There is only one picture of Evelyn Waugh and Diana Mitford together. It was taken on July 5, 1930, when Diana was married to Bryan Guinness. That's the 20-year-old Diana on the left of this image.


The image is reproduced in Evelyn Waugh: A Biography by Selina Hastings (1994) where the man in bathing costume is identified as Diana's husband, Bryan, and the other woman as Pansy Lamb.

The picture was taken a month after Waugh had noted in his diary that he went to the Savoy Theatre and said: "I am Evelyn Waugh. Please give me a seat." He got his free seat that day. Perhaps Diana was trying not to let him forget his arrogant behaviour by making him STAND while on Guinness family property.

The following picture, also taken at Pool Place on Saturday 5 July, 1930, appears in Philip Eade's book
Evelyn Waugh: A Life Revisited (2016). Here the reclining man is alternatively identified as Rupert Mitford, Diana's Uncle.


This is also the only picture of Evelyn Waugh and Nancy Mitford together, though their friendship endured for decades.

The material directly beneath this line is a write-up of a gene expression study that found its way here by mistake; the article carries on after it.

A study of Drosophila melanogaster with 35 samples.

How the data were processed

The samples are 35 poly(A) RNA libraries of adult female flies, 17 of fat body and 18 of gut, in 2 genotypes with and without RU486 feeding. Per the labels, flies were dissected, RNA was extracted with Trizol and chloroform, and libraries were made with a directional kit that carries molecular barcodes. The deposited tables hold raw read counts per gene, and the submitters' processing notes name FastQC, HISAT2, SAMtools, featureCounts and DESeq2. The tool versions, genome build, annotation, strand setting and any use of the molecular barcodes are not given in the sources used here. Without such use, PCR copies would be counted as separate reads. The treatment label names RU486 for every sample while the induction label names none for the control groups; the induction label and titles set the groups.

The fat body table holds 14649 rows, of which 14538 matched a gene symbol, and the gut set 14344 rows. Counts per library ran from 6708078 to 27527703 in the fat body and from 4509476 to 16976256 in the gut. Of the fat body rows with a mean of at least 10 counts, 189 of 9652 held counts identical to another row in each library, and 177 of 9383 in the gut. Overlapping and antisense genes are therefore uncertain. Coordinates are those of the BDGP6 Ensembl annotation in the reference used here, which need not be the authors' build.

Evelyn's intense year-long friendship with Diana was about to end. His diary entry for that same July 5 includes this:

'Diana and I quarrelled at luncheon. We bathed. Diana and I quarrelled at dinner and after dinner. Next day I decided to leave. Quarrelled with Diana again and left.'

Perhaps the pictures taken that summer's day, nearly ninety years ago, tell the same story from a different angle. Evelyn unhappy that Nancy isn't in the first picture... Evelyn asking Nancy to sit down in front of the door he's leaning on...


...Evelyn demanding that the photographer ensure that he and Nancy were centred in the second picture, even if that meant the most photogenic woman in the world must be chopped off at the waist.

Or put it this way: "Off with her head!"

'Nancy and I quipped at luncheon. We bathed. Nancy and I quipped at dinner and after dinner. Next day I decided to leave. Quipped with Nancy again and left.'


That's where this piece might/should end. But I can't resist adding this, and in so doing giving Diana the last word.